Memory loss is a common concern for many individuals, often leading to worries about Alzheimer’s disease or related disorders. Marianne McClain, PsyD, Adult Neuropsychologist with Quincy Medical Group (QMG) and the QMG Memory Clinic, emphasizes that memory loss does not always indicate a progressive condition.

Dr. McClain shares that memory loss is also commonly associated with potentially treatable medical conditions, such as infection, metabolic changes, nutritional deficiencies, dehydration, or other health factors. The QMG Memory Clinic is designed to evaluate and treat adults who are experiencing memory loss or other changes in thinking.

“There are many potentially modifiable factors that can contribute to memory loss, such as diminished sensory input (e.g., decreased vision or hearing), medication side effects, substance use, emotional distress, disrupted sleep, chronic pain, lack of interpersonal connectedness, sedentary lifestyle, and other factors,” Dr. McClain explained.

Dr. McClain underscores the significance of overall health, particularly heart and blood vessel health, in relation to brain health. Factors such as diabetes, obesity, high cholesterol, hypertension, and inactivity can increase the risk of memory loss. Conversely, lifestyle choices like exercise, mental stimulation, social interaction, adequate sleep, and proper nutrition can promote brain health and potentially protect against memory decline.

One crucial question often asked is when patients should seek care for their symptoms. Dr. McClain advises that while some forgetfulness and slowing down of cognitive functions is a natural part of aging, dementia is not.

“Dementia reflects a significant decline in more than one aspect of thinking (e.g., memory, attention, use of language, etc.) that negatively impacts functioning,” she explained. “If patients or loved ones notice changes in thinking that impact their ability to engage in daily tasks, they are encouraged to talk to their doctor to help determine whether changes reflect healthy aging or require further assessment.”

Some warning signs that indicate the need to seek care include:

  • Forgetting newly learned information (e.g., asking repeat questions/retelling information repeatedly within brief time frames or forgetting important events/appointments).
  • Difficulty completing previously routine tasks (e.g., forgetting steps in a known recipe, trouble paying bills that they normally pay, becoming lost while driving to familiar locations, or decreased attention to hygiene/grooming).
  • Misplacing items with difficulty retracing steps to find them or finding items in atypical locations.
  • New language difficulty (e.g., stopping in the middle of a sentence without ability to resume their train of thought or significant difficulty finding the word for common objects/using the wrong words)
  • Confusion as to where they are or how they got somewhere. The Alzheimer’s Association has some excellent resources, including a webpage that elaborates on these and other warning signs of concerning memory loss that may be beneficial:

The QMG Memory Clinic takes a multidisciplinary approach, bringing together a team of experts who can address various aspects of memory and cognitive health. This approach allows patients to access different specialty providers during a single visit, saving time and streamlining the diagnostic process.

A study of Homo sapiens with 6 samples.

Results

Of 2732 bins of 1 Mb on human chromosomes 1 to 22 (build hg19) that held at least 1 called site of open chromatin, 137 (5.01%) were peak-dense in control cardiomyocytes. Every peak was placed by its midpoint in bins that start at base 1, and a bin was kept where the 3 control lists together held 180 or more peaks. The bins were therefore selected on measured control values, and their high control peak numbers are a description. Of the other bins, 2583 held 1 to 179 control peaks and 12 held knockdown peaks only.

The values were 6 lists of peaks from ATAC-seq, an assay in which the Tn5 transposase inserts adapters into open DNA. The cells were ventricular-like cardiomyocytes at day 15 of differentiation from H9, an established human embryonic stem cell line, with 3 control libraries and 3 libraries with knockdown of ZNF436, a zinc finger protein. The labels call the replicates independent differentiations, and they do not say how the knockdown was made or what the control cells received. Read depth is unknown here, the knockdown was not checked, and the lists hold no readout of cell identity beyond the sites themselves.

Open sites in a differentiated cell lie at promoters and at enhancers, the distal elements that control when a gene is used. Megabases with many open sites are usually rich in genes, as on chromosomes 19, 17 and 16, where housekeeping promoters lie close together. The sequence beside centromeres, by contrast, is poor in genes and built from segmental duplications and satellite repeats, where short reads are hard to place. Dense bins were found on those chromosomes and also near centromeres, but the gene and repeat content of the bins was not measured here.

“The clinic can be an important support to patients through identification of factors that may contribute to thinking difficulties, so that these areas can be targeted in treatment. With effective intervention for potentially modifiable factors, memory and other thinking problems may resolve,” said Dr. McClain.

In the event that the evaluation identifies concern for dementia, the QMG Memory Clinic team plays an essential role in provision of support for patients and caregivers in understanding their diagnosis, short- and long-term care planning, and initiation of treatment.

In addition to Dr. McClain, the QMG Memory Clinic team includes the physician and nursing team of Halley Anderson, D.O., a board-certified physician specializing in geriatrics, and Stephanie Flesner, registered nurse. Brian Goodwin, a medical social worker, is also on-hand and offers information on available services and provides follow-up support.

Furthermore, Kelsey VonderHaar, a speech-language therapist with training in cognitive rehabilitation, developed a specialized group program called “Aging Gracefully” to assist Memory Clinic patients in implementing strategies to enhance daily functioning.

“Undergoing an evaluation with providers across disciplines facilitates a more thorough assessment of different factors that may impact thinking (e.g., medical, situational, or lifestyle factors) and allows for unique perspectives that may bring attention to a concern outside the usual purview of the other providers, which may improve diagnostic accuracy,” Dr. McClain shared. “In addition, meeting with a team provides broader supports and easier access to assistance with implementing treatment recommendations.”

With the expertise of the QMG Memory Clinic team, patients can find solace, understanding, and guidance on their journey toward optimal memory health. To learn more, call (217) 222-6550, ext. 3788 or click here.